You've made a couple early-beginner mistakes that, if rectified, could turn this into a quality map.
1) Large, boxy architecture. Make smaller rooms in general han those in, say, the first shot, with the exception of large hangars/cargo bays. And when you do make large rooms, it's generally a GREAT idea to put lots of smaller things in the room to break it up, add more character, make it look more realistic, and provide a more interesting environment for the player. Also, things like that h-u-u-u-ge block wall with the arch need to be reworked or nixed. That thing looks ugly the way it is, it needs smaller detail work and an actual beginning and ending rather than just the brush limits.
2) Repeating textures. For any large area, of which you have many, find textures that are LARGE so they don't repeat as often, or repeat in a more interesting fashion than, say, the ceiling in the first shot. Also, try placing small-brush detail work like girders or struts to break up areas of repeating textures.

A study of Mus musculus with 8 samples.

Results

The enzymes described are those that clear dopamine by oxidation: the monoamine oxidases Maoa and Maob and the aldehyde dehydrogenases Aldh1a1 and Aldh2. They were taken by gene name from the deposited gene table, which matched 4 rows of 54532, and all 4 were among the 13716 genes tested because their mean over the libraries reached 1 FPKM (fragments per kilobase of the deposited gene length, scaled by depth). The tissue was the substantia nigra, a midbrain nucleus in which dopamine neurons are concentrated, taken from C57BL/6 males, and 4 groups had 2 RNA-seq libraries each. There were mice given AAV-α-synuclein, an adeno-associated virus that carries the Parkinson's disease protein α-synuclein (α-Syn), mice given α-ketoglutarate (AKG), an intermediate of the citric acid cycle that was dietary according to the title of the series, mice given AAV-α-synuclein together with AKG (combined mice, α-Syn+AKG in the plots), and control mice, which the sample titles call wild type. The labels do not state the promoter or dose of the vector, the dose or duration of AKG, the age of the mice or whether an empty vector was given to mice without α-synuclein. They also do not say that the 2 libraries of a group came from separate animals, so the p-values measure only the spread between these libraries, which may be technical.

3) Ambient lighting. Kill it. Kill it dead. Use no such thing in your map, unless it comes in quantities less than 20. Use entity lights indoors and a light-emitting sky outdoors for this map.
4) Crappy block terrains. Take the time to learn to use EasyGen. It'll be worth it, I promise you.
5) Bad map/skybox seam. Put SOMETHING in there to block the transition from playable map to skybox. An easy thing to do is throw some lines of trees, big cliffs, and walls around the edge of your map. A more advanced technique is to use a foghull.